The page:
Say you made a Nobel-worthy scientific discovery and the prize went to your thesis supervisor instead. How would you take it? Probably not as well as Jocelyn Bell Burnell, discoverer of the first radio pulsars, to whom that very thing happened in 1974. "Demarcation disputes between supervisor and student are always difficult, probably impossible to resolve," she said a few years later. "It is the supervisor who has the final responsibility for the success or failure of the project. We hear of cases where a supervisor blames his student for a failure, but we know that it is largely the fault of the supervisor. It seems only fair to me that he should benefit from the successes, too."
But now, 44 years later, Bell Burnell's achievement has brought a different prize her way: the Special Breakthrough Prize in Fundamental Physics, to be precise, and the $3 million that comes with it, all of which she will donate "to fund women, under-represented ethnic minority and refugee students to become physics researchers." "Like the stars of Hidden Figures and DNA researcher Rosalind Franklin, Bell Burnell’s personal story embodies the challenges faced by women in scientific fields," write the Washington Post's Sarah Kaplan and Antonia Noori Farzan. "Bell Burnell, who was born in Northern Ireland in 1943, had to fight to take science classes after age 12."
Rejecting an expected life of cookery and needlework, Bell Burnell "read her father's astronomy books cover to cover, teaching herself the jargon and grappling with complex concepts until she felt she could comprehend the universe. She complained to her parents, who complained to the school, which ultimately allowed her to attend lab along with two other girls. At the end of the semester, Bell Burnell ranked first in the class." Still, by the time she arrived at Cambridge University for graduate school, she "was certain someone had made a mistake admitting her." Her subsequent work there on one of "the most important astronomical finds of the 20th century," which you can see her talk about in the clip above, should have dispelled that notion.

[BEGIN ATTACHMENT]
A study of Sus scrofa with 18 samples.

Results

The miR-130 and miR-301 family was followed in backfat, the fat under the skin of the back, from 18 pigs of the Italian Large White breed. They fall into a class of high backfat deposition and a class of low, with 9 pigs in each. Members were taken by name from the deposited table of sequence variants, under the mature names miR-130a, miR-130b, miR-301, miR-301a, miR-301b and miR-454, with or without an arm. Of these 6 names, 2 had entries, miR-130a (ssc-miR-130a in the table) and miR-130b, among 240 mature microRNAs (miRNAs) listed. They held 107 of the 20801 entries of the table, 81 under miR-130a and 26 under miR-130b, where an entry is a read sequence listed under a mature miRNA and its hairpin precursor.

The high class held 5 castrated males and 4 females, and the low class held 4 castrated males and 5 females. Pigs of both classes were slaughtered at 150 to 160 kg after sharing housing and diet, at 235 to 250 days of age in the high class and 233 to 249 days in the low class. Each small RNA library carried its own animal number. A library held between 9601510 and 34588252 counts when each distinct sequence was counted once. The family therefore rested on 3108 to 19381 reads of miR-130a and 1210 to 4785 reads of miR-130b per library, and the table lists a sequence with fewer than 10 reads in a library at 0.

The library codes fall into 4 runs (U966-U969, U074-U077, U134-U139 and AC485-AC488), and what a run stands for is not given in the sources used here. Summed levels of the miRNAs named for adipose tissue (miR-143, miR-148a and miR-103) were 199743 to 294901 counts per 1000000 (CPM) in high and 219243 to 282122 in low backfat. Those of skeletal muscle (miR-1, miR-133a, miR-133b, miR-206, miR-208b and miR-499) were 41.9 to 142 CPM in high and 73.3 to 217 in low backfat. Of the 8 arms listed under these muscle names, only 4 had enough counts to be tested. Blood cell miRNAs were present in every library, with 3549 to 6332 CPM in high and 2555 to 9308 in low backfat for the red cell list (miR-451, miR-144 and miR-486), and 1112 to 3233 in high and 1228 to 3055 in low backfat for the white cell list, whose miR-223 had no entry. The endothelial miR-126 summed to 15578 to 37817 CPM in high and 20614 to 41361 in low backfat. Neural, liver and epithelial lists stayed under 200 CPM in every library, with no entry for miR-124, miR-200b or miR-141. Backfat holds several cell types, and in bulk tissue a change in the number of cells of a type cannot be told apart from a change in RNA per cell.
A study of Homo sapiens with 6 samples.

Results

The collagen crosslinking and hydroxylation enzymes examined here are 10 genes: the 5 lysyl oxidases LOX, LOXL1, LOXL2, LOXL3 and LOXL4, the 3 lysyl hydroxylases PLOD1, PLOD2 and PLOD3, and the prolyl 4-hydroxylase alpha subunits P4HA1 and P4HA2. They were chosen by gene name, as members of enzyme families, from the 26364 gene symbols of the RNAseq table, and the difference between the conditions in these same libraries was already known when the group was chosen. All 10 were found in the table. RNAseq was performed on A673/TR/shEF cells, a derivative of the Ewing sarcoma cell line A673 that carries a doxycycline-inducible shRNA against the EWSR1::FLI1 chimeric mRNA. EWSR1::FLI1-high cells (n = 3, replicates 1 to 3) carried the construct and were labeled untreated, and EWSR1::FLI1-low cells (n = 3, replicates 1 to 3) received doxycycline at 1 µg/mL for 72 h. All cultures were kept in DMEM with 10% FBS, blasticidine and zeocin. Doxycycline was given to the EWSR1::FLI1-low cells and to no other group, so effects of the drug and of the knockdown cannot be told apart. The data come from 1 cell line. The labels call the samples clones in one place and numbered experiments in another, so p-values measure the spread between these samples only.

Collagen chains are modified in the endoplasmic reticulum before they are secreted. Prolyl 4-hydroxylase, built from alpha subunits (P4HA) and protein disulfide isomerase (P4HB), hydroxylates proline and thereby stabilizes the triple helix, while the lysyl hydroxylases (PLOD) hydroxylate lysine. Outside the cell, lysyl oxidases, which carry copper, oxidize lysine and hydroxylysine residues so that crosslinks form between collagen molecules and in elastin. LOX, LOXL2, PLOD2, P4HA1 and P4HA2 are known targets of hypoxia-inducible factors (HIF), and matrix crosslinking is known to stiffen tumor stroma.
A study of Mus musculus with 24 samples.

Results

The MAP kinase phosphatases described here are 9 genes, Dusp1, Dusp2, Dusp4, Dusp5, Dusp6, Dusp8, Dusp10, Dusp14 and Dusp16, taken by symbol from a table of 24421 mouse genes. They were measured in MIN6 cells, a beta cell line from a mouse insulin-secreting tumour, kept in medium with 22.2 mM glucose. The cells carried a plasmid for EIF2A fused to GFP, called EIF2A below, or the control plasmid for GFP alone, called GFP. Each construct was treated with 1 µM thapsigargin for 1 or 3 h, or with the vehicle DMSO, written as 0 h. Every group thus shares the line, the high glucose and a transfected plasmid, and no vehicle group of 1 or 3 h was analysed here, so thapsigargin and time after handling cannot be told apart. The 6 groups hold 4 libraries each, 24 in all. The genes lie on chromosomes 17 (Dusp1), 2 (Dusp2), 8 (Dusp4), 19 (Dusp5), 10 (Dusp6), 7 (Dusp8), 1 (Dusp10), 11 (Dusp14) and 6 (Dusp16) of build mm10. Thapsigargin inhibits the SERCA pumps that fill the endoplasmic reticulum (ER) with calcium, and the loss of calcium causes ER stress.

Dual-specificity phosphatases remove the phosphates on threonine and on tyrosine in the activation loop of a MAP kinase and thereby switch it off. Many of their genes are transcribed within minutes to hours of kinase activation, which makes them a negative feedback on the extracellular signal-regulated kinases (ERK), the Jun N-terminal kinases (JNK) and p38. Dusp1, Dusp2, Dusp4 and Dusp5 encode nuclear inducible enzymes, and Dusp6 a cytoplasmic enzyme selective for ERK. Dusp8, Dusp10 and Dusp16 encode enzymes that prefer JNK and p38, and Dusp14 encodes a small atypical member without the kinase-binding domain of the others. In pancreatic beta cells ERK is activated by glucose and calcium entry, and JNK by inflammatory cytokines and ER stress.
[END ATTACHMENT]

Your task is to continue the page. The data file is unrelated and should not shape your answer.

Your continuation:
But as Josh Jones wrote here on Open Culture last month, Bell Burnell was a victim of the "Matilda effect," named for suffragist and abolitionist Matilda Joslyn Gage, which identifies the "denial of recognition to women scientists" seen throughout the history of science. The new generation of prizes like the Breakthrough Prize in Fundamental Physics, founded in 2012 by physicist-entrepreneur Yuri Milner, have the potential to counteract the Matilda effect, but many other Matildas have yet to be recognized. "I am not myself upset about it," as Bell Burnell put it in 1977 when asked about her non-reception of the Nobel. "After all, I am in good company, am I not!"
Based in Seoul, Colin Marshall writes and broadcasts on cities and culture. His projects include the book The Stateless City: a Walk through 21st-Century Los Angeles and the video series The City in Cinema. Follow him on Twitter at @colinmarshall or on Facebook.